Alpine MRV-1507 Running 2 Alpine Type R 1242D
If you are not using a capacitor at this point, i would recommend getting a 1 or 1.5 farad cap and adding it to the system to take some of the strain off of your electrical system.
next on the agenda is your speaker wiring, the mrv-1507 runs around 900 watts at 4 ohms bridged.. your speakers (I believe) have dual voice coils, so 4 connections total, if you are running 2 of the speakers this will be 8 connections total, in order to match the impedance of the amp you will have to wire the speakers in series/parallel. if you have never done this before, it is easy and will ensure you are running the set at 4 ohms (which will make a huge difference in and of itself).
take both speakers out, you are going to want to wire the positive from one coil to the negative of the other on the same speaker. do this to both of them, this should leave you with one positive and one negative unused on each speaker. now you want to hook both of your free negatives together and run it to the negative on your amp, then repeat the process with the positives.
this is going parallel (4 ohm / 2 coils = 2ohm) and series (2ohm x 2 bridged coils = 4ohm).
now your rms on the speakers is 500 watts each, so matching them to a 900 watt or so amp should work great.
when you are installing the wire, make sure the gauge is correct for the length of run and for the wattage, also connect your power directly to the battery or to a distribution block that is capable of handling the power. in all of my installations i run 0 gauge wire from the battery to a distributor block i mount on the firewall, then i run anywhere from 2 to 6 gauge wire to the amp depending on the wattage and run length.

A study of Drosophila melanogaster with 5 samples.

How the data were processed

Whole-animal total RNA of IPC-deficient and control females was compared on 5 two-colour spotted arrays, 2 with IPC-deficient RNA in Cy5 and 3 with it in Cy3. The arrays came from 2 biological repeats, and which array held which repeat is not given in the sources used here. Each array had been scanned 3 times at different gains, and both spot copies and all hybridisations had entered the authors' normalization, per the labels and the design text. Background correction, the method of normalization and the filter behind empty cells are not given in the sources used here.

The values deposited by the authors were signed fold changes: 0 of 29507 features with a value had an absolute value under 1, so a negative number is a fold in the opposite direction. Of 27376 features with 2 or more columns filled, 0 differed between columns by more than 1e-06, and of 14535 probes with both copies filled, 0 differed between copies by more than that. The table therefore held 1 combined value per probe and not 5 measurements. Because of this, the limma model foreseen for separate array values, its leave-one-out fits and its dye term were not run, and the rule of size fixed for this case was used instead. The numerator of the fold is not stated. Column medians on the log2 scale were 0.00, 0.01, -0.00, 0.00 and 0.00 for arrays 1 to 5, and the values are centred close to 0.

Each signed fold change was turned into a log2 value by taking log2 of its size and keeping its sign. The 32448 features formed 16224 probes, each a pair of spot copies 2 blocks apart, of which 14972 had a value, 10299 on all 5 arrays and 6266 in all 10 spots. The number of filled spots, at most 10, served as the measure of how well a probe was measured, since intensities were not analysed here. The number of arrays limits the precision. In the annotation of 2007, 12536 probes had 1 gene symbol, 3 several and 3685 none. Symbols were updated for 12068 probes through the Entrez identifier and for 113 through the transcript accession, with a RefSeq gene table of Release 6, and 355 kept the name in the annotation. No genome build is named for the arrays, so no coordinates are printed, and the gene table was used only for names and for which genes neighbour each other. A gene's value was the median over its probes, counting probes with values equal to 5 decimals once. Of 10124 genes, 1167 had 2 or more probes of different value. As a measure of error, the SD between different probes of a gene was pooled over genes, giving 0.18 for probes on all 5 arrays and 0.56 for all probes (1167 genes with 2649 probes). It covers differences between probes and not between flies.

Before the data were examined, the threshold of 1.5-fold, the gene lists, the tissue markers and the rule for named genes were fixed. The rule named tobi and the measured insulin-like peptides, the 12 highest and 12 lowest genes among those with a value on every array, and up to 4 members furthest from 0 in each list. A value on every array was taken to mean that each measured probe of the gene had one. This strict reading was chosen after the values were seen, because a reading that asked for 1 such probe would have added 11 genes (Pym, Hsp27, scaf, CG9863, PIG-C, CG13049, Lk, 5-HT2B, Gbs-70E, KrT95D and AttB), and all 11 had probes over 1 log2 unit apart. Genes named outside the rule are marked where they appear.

for your purposes, if the length of wire from the battery to the amplifier is 13 feet or less, 4 gauge wire should be fine, if it is between 13 and 20 feet, i would consider buying 2 gauge wire for the install.
you didn't mention what size your fuse is, but i am going to assume it is 90-100 amp, for a 1000 watt amp i use a 150 amp fuse. if you can find a 130 amp fuse it should work fine.
a major thing to remember when installing an amplifier is that your vehicle's charging system was never meant to accommodate large loads for an extended period of time. connecting direct to the battery, using a stiffening capacitor, and properly matching impedance will go a long way towards helping to overcome the limitations. in the future, if you decide to go all out on this project, i would recommend getting a high output alternator, a battery isolator, and a deep cycle battery for the audio equipment. this will insure that you never kill your primary battery, and that you won't run into issues down the road with your vehicle electronics.
i hope this helps you out, if youhave any further questions, feel free to ask.